67%say women are treated fairly and equally to men
33%would recommend to other women
0%believe their CEO supports gender diversity
The company's leadership structure leaves a bit to be desired. A lot of lip service is paid to ideas like supporting women and mothers, and the themes of the websites underneath the CafeMedia umbrella bolster the idea that this a pro-women company, as well — but these ideas aren't always carried out in practice. Depending on the exact team//site you're working with, this can either be a work environment full of support or one plagued by office politics; I saw both in my time there. Part of the problem is that because CafeMedia as a leadership structure operates so separately from its satellite sites, the culture you're immersed in (for better or worse) really is specific to your exact team. One of my coworkers tried to go to HR with a complaint about the culture within her particular team — and was fired by the leader of that team a week or two later. Again, there really is no set, practiced relationship between overall company leadership//HR and the individual sites themselves. However, there definitely were positive elements of working here, as well, and you could luck out with a great, supportive team (as I did) — but the overarching office politics are what made the strongest impression.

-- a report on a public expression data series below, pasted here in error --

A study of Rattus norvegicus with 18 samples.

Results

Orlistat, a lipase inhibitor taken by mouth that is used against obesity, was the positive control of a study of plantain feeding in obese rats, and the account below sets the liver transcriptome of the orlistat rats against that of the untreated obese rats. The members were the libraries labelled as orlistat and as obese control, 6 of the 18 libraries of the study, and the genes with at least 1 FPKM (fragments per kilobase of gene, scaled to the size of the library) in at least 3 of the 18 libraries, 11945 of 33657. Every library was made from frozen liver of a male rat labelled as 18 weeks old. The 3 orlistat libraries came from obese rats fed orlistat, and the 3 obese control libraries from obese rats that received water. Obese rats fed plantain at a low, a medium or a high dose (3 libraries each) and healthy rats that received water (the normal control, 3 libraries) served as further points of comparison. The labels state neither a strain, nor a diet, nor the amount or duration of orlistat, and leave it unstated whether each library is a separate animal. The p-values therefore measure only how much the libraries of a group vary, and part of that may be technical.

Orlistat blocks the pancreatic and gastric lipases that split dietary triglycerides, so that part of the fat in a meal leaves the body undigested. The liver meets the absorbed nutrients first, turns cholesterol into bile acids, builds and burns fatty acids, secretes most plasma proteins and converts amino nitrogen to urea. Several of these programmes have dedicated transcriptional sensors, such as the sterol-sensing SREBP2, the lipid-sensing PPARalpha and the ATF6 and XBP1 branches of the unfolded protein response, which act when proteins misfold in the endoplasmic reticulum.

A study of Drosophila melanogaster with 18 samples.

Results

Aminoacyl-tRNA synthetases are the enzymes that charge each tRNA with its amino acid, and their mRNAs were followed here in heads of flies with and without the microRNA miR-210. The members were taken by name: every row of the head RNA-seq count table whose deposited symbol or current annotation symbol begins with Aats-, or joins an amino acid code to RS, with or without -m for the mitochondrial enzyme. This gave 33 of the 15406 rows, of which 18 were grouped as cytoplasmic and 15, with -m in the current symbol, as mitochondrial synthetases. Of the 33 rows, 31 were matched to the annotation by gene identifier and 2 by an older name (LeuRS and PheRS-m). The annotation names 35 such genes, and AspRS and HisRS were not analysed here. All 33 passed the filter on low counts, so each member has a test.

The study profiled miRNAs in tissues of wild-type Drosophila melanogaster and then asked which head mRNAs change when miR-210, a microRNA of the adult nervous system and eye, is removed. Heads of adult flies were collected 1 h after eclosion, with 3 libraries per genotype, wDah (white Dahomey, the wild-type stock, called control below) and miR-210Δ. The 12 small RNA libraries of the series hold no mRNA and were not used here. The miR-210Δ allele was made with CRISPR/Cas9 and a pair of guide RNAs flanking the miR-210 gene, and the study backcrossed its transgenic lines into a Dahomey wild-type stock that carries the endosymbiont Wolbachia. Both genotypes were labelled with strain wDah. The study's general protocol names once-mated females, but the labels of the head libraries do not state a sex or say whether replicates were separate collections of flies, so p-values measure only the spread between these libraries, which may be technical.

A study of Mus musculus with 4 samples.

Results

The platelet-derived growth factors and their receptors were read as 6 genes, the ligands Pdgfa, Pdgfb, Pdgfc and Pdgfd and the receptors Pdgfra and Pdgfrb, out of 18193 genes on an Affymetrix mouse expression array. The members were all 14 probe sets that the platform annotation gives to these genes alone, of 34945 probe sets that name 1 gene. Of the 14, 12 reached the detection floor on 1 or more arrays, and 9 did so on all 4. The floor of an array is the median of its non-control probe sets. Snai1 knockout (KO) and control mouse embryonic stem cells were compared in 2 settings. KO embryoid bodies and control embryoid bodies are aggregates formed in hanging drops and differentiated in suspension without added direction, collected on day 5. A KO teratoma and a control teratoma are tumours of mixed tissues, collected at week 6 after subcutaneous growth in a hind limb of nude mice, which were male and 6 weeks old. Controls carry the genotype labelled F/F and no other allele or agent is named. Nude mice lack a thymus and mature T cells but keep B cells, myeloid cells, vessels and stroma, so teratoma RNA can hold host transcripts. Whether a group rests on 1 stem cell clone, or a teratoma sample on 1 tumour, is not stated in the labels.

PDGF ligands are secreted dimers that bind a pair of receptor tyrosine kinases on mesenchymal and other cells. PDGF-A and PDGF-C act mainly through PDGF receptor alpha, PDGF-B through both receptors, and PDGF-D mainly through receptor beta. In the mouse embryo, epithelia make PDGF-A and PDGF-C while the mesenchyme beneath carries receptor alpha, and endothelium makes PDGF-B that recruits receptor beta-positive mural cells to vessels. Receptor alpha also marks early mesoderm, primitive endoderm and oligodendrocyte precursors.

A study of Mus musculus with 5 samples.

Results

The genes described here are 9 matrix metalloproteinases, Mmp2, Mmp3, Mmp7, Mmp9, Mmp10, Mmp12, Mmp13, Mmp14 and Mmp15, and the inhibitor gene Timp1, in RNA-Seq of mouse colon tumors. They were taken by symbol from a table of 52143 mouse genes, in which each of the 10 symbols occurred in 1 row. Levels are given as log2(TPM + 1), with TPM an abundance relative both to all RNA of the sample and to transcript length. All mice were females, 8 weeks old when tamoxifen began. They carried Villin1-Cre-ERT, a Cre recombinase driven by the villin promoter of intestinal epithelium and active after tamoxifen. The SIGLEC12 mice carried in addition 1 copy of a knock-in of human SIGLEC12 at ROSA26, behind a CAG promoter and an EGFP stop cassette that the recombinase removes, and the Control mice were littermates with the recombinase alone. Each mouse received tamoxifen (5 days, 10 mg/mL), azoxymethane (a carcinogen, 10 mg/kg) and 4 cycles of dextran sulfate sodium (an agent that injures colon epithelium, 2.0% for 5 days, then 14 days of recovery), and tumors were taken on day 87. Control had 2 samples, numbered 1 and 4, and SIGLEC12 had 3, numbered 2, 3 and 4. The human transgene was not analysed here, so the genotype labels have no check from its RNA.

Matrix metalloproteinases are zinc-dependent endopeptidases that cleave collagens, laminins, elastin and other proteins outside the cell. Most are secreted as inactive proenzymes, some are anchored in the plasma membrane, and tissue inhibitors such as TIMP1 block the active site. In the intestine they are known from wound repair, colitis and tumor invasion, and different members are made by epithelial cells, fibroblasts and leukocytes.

There's a lot I truly enjoyed about working here, mostly thanks to the people I worked with on a lateral level. However, the way CafeMedia consistently handled lay-offs indicates a lot about management's true values. I worked here for just over a year, and during that time saw — on multiple occasions – groups of people called into the conference room, only to collectively emerge without jobs. It was highly public and dehumanizing; and this from a company that puts no shortage of self-congratulatory lip service behind the idea that their human talent is the asset they value most. Turnover is terrible here.